In the days leading up to the riot, Fox News executives and hosts were fed up with Trump, but that frustration rarely made it on air. Then the mob came.

By early January 2021, Fox News hosts and executives were ready to move on from then-President Donald Trump and his insistence that the election was stolen.

"it's been 8 weeks and none of them has produced anything tangible or verifiable. and now he wants thousands of his supporters to go to DC without shelter or food to demonstrate," host Lou Dobbs texted a producer on his show on Jan. 3. "I believe the election was stolen — but without evidence we can do nothing significant."

"We are very, very close to being able to ignore Trump most nights," Tucker Carlson wrote in a Jan. 4 text to an unidentified person. "I truly can't wait."

"I hate him passionately," he continued. "I can't handle much more of this."

The revealing private messages were unsealed Tuesday night, part of a massive cache of evidence in the $1.6 billion Dominion defamation suit against Fox News and the Fox Corp. They paint a remarkably frank picture of how key players at Fox News viewed the stolen election lie that motivated a mob to storm the U.S. Capitol on Jan. 6, 2021.

Fox News argued the voting systems manufacturer was skewing the evidence.

“Dominion has been caught red handed again using more distortions and misinformation in their PR campaign to smear FOX News and trample on free speech and freedom of the press," a Fox News spokesperson said in a statement.

Dominion has said the released documents speak for themselves.

Trump and his lawyers "have so discredited their own case, and the rest of us to some extent, that it's infuriating," Carlson continued in his texts. "Absolutely enrages me."

The next day, Jan. 5, Fox Corp. Chairman Rupert Murdoch tapped an email out on his iPhone: Maybe our top talent needs to take a stand.

"It's been suggested our primetime three should independently or together say something like 'the election is over and Joe Biden won. We are all disappointed by it happened. We love America and have to turn the page. We will now be the loyal opposition criticizing every liberal mistake the new administration makes,'" Murdoch wrote to Fox News CEO Suzanne Scott.

"Not those words, but a refinement would go a long way to stop the Trump myth that the election stolen," he added. "And the basis of his 2024 campaign."

Scott forwarded the email to Meade Cooper, the executive vice president of prime-time programming.

"I told Rupert that privately they are all there — we need to be careful about using the shows and pissing off the viewers but they know how to navigate."

Trump's troubles multiplying. His businesses now ruined! Who is going to throw a party at one of his golf clubs or hotels?

Rupert Murdoch in an Email on Jan. 12, 2021

But the top talent at Fox News never did take a stand.

Instead, prime-time hosts talked up the Stop the Steal rally taking place in Washington on Jan. 6.

On the night of Jan. 5, prime-time host Sean Hannity put Eric Trump on the air, who ran through a laundry list of exaggerated or debunked fraud claims he suggested cost his father the election.

"The Republic, its future, our futures, are hanging in the balance," Dobbs said on Jan. 5, teeing up Judicial Watch's Tom Fitton, who argued that the outcome of the election could be changed by state legislatures and Congress on Jan. 6.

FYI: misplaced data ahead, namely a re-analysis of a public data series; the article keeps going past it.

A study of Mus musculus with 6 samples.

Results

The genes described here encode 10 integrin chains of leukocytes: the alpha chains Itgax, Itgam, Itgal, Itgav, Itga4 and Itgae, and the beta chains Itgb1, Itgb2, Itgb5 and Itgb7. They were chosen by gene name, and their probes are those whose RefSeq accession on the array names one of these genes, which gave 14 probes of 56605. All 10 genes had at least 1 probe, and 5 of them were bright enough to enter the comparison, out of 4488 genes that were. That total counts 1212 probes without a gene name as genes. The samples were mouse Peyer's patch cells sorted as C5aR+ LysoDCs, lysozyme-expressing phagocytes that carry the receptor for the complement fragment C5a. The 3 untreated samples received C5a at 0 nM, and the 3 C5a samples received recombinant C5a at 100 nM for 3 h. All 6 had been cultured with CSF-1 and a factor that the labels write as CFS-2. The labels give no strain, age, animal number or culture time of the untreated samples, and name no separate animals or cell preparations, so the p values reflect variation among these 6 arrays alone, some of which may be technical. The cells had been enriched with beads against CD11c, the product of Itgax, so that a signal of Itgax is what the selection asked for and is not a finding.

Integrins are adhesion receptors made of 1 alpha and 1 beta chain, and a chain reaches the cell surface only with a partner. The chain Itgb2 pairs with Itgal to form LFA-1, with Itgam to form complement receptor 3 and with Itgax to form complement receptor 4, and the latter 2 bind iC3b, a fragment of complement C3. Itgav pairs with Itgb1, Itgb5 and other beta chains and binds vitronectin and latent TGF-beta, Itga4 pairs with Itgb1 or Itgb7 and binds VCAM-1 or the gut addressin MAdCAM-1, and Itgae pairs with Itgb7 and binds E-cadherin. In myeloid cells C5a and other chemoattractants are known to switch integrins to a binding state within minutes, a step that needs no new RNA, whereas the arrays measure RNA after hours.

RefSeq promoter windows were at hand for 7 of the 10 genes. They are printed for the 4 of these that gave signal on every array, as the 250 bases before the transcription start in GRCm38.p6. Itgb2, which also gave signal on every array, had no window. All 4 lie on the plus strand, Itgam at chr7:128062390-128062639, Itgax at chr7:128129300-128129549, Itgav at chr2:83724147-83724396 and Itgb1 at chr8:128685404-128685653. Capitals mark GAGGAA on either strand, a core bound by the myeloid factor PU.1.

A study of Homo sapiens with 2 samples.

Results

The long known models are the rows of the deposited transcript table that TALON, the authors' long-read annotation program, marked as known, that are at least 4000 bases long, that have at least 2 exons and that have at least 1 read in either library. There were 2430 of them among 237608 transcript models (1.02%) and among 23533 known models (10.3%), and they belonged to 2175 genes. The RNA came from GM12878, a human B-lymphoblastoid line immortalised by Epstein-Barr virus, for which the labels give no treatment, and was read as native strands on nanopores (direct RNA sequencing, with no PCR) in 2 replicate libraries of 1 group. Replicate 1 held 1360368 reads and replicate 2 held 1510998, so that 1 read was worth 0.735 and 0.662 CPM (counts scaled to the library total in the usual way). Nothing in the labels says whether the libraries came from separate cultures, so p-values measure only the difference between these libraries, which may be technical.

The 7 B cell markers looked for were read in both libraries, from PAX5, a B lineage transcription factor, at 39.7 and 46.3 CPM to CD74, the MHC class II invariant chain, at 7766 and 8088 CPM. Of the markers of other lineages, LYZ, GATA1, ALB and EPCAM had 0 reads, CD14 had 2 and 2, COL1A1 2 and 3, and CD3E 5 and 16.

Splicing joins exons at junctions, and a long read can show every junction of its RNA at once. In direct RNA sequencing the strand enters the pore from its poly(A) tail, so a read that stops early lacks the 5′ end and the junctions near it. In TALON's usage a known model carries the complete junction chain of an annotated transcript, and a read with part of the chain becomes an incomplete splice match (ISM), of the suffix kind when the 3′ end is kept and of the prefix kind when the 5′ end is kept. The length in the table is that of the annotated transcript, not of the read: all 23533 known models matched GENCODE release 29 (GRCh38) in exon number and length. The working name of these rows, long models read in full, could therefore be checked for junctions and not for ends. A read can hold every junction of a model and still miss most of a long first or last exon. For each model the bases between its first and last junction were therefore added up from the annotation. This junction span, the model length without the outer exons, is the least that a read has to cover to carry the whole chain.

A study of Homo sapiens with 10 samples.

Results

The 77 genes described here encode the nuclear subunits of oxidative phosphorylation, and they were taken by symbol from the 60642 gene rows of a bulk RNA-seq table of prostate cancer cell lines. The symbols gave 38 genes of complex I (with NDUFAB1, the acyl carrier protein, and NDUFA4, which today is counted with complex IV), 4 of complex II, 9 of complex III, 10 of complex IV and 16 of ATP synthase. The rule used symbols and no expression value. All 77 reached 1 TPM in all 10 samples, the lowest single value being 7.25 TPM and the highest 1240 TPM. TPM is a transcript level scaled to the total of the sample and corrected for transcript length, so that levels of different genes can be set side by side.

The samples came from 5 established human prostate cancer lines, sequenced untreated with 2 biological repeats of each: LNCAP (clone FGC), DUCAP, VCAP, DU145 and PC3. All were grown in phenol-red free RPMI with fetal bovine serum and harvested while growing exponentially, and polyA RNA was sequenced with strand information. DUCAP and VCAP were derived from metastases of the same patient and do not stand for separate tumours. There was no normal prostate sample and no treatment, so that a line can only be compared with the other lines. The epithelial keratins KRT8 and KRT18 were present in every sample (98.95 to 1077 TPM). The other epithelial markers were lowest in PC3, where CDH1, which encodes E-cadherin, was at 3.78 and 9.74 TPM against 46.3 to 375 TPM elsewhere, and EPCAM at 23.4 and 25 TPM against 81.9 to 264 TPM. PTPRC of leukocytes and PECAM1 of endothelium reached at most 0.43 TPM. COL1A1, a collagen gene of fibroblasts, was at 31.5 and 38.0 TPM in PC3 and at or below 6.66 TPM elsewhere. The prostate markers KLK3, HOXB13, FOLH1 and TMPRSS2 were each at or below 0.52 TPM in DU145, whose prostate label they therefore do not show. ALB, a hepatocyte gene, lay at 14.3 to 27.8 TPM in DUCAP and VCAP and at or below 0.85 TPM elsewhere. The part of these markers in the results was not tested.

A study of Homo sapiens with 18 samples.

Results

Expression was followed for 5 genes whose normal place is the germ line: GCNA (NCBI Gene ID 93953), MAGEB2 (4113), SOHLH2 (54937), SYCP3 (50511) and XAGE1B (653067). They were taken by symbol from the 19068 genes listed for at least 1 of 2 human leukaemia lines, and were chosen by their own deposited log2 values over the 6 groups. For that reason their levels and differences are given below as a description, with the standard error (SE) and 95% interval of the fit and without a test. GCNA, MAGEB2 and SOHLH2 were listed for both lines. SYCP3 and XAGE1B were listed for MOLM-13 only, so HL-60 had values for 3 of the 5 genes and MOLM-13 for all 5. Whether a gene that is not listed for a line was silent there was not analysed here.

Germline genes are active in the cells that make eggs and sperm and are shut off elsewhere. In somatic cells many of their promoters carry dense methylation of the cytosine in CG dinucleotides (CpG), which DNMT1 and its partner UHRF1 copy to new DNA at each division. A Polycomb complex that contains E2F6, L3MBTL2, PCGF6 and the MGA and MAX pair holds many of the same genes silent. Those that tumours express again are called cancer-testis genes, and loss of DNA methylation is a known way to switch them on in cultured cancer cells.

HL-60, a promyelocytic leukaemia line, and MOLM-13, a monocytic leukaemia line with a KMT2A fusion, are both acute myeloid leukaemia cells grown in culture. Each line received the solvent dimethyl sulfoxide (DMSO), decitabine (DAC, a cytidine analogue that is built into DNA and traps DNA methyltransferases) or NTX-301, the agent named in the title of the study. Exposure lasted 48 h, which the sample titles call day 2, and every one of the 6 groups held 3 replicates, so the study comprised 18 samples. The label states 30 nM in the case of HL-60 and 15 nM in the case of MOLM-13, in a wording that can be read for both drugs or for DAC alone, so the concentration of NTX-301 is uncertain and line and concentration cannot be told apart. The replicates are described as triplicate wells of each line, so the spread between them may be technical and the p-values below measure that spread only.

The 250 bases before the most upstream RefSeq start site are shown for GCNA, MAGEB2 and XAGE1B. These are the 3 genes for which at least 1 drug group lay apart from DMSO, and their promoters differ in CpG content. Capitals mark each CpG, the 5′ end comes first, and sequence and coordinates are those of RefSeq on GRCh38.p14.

And next morning, a mob of Trump supporters stormed the Capitol in an effort to block the certification of the results of the 2020 election. Rioters smashed windows and doors, looted and ransacked offices and engaged in hours of violent clashes. About 140 officers were assaulted that day, and two pipe bombs were also planted nearby, but did not detonate.

The private texts and emails included in Dominion's evidence offer a remarkable snapshot of the frustration and discontent at Fox News hours and days after the attack — messages that were far different from what they were putting on air.

"he isn't saying what's actually going on. just beating around the bush," Carlson producer Alex Pfeiffer complained in a text exchange with Carlson senior executive producer Justin Wells and an unnamed individual, dissecting Carlson's show on Jan. 6. "why do people think it was stolen? didn't happen immacutately. trump told them thats what happened."

Inside the Fox companies, the shift was urgent, sometimes frenzied.

"Fox News very busy pivoting. ... We want to make Trump a non person," Murdoch wrote in one email on Jan. 8.

Fox News "is pivoting as fast as possible. We have to lead our viewers which is not as easy as it might seem," he wrote in another days later.

The day after Biden's inauguration, Murdoch was facing heat from Republican senators.

That morning, he met with Senate Minority Leader Mitch McConnell of Kentucky, Sen. Lindsey Graham of South Carolina and other GOP senators who were opposed to impeaching Trump.

“Still getting mud thrown at us!” Murdoch wrote. “Maybe Sean and Laura went too far,” he continued, referring to Hannity and Laura Ingraham.

He asked Scott whether it was “unarguable that high profile Fox voices fed the story that the election was stolen and that January 6th an important chance to have the result overturned.”

Scott punted the request to a group of executives, noting “please send specifics.”

Six hours later, Irena Briganti, the Fox News executive in charge of communications, responded with more than 15 pages of transcripts of examples.

In a Jan. 12 email exchange with former House Speaker Paul Ryan, R-Wis., Murdoch said "everything changed" on the day of the riot.

"Trump's troubles multiplying. His businesses now ruined! Who is going to throw a party at one of his golf clubs or hotels?"

He went on: "Could he still resign and get Pence to pardon, then just disappear? Would Mike Pence agree?"